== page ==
Fossa is a cat-like predator endemic to Madagascar that is in great danger of becoming extinct, and the worst part is that this largest carnivore in the island of Madagascar is still not listed as endangered species.
Fossa adults have a head-body length of 70–80 cm (28–31 in) and they usually weigh between 5.5–8.6 kg (12–19 lb), and like with many other cat species males are larger than the females.
The main reason why fossas could be soon heading for extinction is habitat loss because their preferred habitat (the forests) are constantly shrinking in Madagascar, and they are finding it more and more difficult to find prey. Fossa is the predominant predator of lemurs but its prey include all small to medium-sized animals.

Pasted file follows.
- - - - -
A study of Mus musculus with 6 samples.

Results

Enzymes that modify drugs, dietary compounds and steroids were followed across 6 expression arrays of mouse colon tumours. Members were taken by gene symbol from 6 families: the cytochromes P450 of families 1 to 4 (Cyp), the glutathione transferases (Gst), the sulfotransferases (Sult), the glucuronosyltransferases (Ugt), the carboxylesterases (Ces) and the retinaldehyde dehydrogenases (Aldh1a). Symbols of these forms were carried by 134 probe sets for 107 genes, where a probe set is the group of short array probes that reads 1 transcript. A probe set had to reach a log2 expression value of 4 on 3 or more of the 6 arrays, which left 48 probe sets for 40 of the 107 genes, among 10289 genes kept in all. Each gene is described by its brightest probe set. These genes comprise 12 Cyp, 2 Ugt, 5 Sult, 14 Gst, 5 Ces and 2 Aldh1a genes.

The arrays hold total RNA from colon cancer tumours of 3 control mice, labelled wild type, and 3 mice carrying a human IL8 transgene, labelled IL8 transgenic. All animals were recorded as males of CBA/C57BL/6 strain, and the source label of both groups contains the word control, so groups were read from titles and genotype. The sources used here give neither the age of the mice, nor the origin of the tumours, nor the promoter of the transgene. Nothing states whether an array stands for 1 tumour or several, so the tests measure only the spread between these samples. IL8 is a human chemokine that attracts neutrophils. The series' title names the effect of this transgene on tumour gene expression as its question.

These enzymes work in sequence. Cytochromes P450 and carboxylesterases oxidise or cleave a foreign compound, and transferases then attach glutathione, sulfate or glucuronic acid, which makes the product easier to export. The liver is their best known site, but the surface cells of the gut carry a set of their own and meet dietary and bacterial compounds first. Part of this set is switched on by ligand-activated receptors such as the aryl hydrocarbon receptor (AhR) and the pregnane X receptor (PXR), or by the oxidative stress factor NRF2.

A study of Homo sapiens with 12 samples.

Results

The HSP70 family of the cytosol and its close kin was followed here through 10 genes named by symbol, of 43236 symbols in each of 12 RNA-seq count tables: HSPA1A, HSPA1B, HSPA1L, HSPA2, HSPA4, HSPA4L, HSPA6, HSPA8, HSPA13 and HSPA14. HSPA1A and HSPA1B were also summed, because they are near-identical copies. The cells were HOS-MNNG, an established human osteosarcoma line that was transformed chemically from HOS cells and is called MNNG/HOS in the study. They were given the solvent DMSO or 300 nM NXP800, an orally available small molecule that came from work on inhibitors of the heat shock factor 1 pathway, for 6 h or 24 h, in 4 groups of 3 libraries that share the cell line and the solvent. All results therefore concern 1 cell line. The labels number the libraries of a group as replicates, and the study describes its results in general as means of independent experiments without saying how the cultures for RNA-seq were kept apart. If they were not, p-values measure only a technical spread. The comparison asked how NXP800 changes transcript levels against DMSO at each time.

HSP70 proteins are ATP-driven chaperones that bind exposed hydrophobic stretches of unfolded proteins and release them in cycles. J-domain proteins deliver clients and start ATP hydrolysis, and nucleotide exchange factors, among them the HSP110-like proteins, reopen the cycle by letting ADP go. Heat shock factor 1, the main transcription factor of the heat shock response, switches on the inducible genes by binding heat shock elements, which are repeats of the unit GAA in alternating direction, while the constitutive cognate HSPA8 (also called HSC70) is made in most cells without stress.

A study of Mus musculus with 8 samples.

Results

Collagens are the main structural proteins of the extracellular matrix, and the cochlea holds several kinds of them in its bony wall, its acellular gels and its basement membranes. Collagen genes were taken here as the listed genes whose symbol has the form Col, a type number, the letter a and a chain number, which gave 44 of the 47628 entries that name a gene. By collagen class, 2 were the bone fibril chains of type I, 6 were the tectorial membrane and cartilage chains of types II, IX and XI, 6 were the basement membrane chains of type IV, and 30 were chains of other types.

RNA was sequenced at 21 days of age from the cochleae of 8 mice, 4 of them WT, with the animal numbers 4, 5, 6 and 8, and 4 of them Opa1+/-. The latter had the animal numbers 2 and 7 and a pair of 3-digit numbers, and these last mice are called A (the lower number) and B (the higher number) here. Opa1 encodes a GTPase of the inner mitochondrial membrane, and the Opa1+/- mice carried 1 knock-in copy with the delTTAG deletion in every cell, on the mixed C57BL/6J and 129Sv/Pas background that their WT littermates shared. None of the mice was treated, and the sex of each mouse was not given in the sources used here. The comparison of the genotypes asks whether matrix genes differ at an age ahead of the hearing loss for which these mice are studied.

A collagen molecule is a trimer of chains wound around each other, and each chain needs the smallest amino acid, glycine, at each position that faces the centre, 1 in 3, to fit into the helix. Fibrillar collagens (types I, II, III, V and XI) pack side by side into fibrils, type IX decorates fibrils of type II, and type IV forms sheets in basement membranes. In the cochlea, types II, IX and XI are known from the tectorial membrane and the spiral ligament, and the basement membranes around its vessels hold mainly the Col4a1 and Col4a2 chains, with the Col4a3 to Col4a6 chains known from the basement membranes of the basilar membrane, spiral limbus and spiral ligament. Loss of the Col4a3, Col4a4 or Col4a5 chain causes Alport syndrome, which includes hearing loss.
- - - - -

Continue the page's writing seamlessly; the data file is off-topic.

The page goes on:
Official estimates suggest that there is little above 2000 fossas still left in the wild but there are some scientists who say that their actual number is in fact much lower.
The additional problem are also the frequent conflicts with villagers who not only kill fossas to protect their livestock but also hunt fossa for meat. For instance, 12 fossas had been killed recently by people living in just eight villages, to prevent the fossa from stealing their chickens.
German scientist Mia-Lana Lührs who spent last couple of years studying fossas in 2007 recorded 18 different males regularly visiting a particular tree that male and female fossa use to mate in, in 2008, this number decreased to 14 males, and in 2009 just ten. Last year, she only recorded two males.
Will there be any fossa left by the end of this year?